January 02 2017 09:00AM
When the Vegas Golden Knights make their selection from the Edmonton Oilers at this summer’s expansion draft, my guess is that it will be one of two players: Benoit Pouliot or Mark Fayne.
Superficially, neither is an ideal pick for Vegas, but Oilers GM Peter Chiarelli has the ability to make such a choice worthwhile for the Knights, and presumably he also has the motivation.
One of the things working in favour of a Pouliot selection is the fact that there just isn’t going to be that much offensive talent available this summer. For most teams, a scheme which protects seven forwards makes sense, which is going to leave a lot of third-liners exposed.
Pouliot is obviously not a favourite of the current administration—recall that Chiarelli let him walk after a 16-goal season in Boston to make room for Jordan Caron—but he has more scoring ability than he’s shown this season. Entering this season he’d averaged 24 goals/82 games played with the Oilers and he only just turned 30 at the start of the year. This season hasn’t worked out for him, but as a reclamation project he makes a lot of sense for a Vegas team that is going to be woefully short of skilled forwards.
Having said that, Pouliot is also in the middle of an awful campaign and has two years left at a $4.0 million cap hit after this one. In some ways his situation is comparable to that of Teddy Purcell when Purcell wound up in Edmonton, and given his contract one must assume that his trade value is negative.
For the Oilers, offering an incentive to Vegas to make this selection makes sense. In some ways it works in the favour of the Golden Knights, who could collect some kind of future while at the same time adding a useful NHL forward who can play in all situations. For Edmonton, the obvious upside is clearing away the salary of a player the coach doesn’t seem to trust.
Fayne’s situation is similar to Pouliot’s in some ways. His value as a player is obviously lower at this point, but at the same time he has just one year left on his current contract rather than two.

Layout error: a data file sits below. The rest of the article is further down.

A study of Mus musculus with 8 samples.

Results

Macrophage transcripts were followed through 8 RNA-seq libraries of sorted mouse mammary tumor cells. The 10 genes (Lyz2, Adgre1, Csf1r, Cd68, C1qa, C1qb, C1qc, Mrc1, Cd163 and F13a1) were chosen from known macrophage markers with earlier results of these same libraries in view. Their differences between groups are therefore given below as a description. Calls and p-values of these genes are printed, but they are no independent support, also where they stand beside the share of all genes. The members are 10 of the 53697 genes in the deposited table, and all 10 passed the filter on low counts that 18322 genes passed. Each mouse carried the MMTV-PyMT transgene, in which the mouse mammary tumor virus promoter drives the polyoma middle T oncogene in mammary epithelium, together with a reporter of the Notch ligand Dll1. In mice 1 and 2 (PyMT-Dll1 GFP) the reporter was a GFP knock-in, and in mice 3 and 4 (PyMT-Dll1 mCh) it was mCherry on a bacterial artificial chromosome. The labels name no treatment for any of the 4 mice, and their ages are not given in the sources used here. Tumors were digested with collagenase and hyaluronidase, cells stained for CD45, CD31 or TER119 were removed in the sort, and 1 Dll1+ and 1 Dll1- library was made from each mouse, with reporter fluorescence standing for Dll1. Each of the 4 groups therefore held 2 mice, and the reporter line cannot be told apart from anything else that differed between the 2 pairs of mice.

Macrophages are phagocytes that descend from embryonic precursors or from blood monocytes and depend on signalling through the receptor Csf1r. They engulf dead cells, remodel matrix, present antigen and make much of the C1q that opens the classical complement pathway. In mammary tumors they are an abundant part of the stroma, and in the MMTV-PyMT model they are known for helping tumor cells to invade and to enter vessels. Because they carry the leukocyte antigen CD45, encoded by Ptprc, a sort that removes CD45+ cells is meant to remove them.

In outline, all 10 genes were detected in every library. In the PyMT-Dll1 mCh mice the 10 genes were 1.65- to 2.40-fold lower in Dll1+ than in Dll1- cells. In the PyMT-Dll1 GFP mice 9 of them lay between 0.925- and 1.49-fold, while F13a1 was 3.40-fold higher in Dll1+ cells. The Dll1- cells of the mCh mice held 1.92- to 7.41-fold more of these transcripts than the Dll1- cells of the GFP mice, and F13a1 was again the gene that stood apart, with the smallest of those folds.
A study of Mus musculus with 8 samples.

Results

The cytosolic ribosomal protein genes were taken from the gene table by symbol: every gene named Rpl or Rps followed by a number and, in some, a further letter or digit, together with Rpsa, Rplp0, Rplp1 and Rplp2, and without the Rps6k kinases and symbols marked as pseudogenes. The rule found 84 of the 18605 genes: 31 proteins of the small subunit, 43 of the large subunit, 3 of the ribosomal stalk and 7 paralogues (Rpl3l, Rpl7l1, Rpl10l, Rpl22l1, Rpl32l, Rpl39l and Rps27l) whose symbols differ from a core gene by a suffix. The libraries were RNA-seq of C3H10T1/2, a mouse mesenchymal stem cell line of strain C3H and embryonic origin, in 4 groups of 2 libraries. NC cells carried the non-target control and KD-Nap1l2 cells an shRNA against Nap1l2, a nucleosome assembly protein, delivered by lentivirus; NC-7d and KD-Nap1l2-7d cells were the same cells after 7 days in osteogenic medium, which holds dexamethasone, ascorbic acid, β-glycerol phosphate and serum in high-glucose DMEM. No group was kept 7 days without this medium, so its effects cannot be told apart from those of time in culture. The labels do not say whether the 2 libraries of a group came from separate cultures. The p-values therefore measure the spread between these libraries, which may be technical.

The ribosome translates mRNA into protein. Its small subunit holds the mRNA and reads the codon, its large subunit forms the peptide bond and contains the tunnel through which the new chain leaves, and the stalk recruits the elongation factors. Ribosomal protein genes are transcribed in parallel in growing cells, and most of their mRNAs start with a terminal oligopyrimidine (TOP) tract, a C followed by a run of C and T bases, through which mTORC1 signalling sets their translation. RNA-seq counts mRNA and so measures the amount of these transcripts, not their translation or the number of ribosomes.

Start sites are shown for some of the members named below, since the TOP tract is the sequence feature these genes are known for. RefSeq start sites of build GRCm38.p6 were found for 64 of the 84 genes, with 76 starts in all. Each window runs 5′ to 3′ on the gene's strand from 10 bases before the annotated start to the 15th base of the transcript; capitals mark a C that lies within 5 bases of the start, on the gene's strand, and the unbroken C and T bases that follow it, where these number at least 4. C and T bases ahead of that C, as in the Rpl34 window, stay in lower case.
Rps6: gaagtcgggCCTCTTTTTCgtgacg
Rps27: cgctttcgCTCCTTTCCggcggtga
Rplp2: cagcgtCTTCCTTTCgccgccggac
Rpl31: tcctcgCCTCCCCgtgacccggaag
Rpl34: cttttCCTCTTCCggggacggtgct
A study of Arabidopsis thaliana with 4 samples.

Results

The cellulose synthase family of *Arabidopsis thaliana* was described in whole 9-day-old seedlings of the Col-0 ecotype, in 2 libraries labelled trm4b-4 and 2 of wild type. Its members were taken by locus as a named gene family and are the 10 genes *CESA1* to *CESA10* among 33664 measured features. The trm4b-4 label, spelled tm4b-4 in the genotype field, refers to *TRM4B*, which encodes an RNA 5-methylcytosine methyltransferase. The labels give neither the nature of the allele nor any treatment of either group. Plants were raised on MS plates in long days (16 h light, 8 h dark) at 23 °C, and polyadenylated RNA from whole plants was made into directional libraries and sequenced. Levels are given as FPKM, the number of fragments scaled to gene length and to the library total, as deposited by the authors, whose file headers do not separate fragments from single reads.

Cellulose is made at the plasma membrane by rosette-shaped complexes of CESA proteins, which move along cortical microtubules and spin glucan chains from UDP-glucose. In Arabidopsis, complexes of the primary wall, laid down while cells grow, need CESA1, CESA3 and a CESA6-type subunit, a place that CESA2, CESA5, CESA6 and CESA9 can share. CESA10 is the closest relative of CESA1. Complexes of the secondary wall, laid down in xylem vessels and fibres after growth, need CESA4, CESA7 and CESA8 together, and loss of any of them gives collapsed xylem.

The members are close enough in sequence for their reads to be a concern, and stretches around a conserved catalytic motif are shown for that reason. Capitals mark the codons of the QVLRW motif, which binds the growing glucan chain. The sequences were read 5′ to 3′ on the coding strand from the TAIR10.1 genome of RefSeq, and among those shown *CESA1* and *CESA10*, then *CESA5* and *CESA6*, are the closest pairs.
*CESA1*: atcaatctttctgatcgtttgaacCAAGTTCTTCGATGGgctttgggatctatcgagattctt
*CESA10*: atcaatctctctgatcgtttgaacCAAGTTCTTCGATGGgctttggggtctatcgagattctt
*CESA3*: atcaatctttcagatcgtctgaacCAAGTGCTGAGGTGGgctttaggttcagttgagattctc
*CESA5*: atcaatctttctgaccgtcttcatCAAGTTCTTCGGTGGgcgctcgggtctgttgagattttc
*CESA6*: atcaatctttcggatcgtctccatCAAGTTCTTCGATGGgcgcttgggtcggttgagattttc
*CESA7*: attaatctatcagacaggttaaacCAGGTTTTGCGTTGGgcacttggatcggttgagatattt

For Vegas, the appeal is in landing a right-shot defenceman who can be thrown to the wolves for a while to buy time for younger players. There are going to be some decent blueliners available in expansion, but predominantly those players are left-shot options.
Working against this is Fayne’s contract and status. It’s more difficult to make a case for him as a reclamation project than it is for Pouliot. Additionally, while buying out Pouliot’s contract would be a major headache, the last year of Fayne’s deal isn’t really that costly. By my math, the cap hit on a buyout would be a modest $1.3 million in 2017-18 and then $1.2 million in 2018-19.
However, with Connor McDavid’s new contract kicking in for the 2018-19 season, Edmonton might well prefer to avoid the buyout entirely and just burn Fayne’s $3.625 million cap hit in 2017-18 and be done with it.
On the whole, this is a less likely scenario than a Pouliot selection, but it might work if the Oilers can move Pouliot in another deal (likely retaining salary in the process). In that event, Edmonton would be eager to remove Fayne’s cap hit and Vegas would be an obvious destination.
What it Would Take
As it stands, Brandon Davidson seems like the most likely selection for the Golden Knights. Edmonton won’t have trouble protecting its forwards, and Davidson fits the sweet spot of cheap, young, somewhat experienced and potentially capable of playing top-four minutes at some point in the future.
For the Oilers, convincing Vegas to take a Pouliot or Fayne would require offering enough assets to compensate the Golden Knights for a) missing out on Davidson and b) taking on the remaining dollars of a Pouliot/Fayne.
To work with, the Oilers have a full set of 2018 and 2019 picks. The club doesn’t own a second-rounder in 2017, but should have extra third- and fifth-round picks that year. In the Knights’ shoes, prospects make sense, too and Edmonton has some options there.
Such a deal would make sense for both teams. The Oilers would be able to clear money and keep Davidson in the system. Vegas would be able to add an established player, but more importantly stock up on picks and prospects. It’s likely to be a few years before the Golden Knights are really competitive, and so this expansion draft is likely to be almost as much about extorting futures from teams as it will be grabbing NHL-ready talent.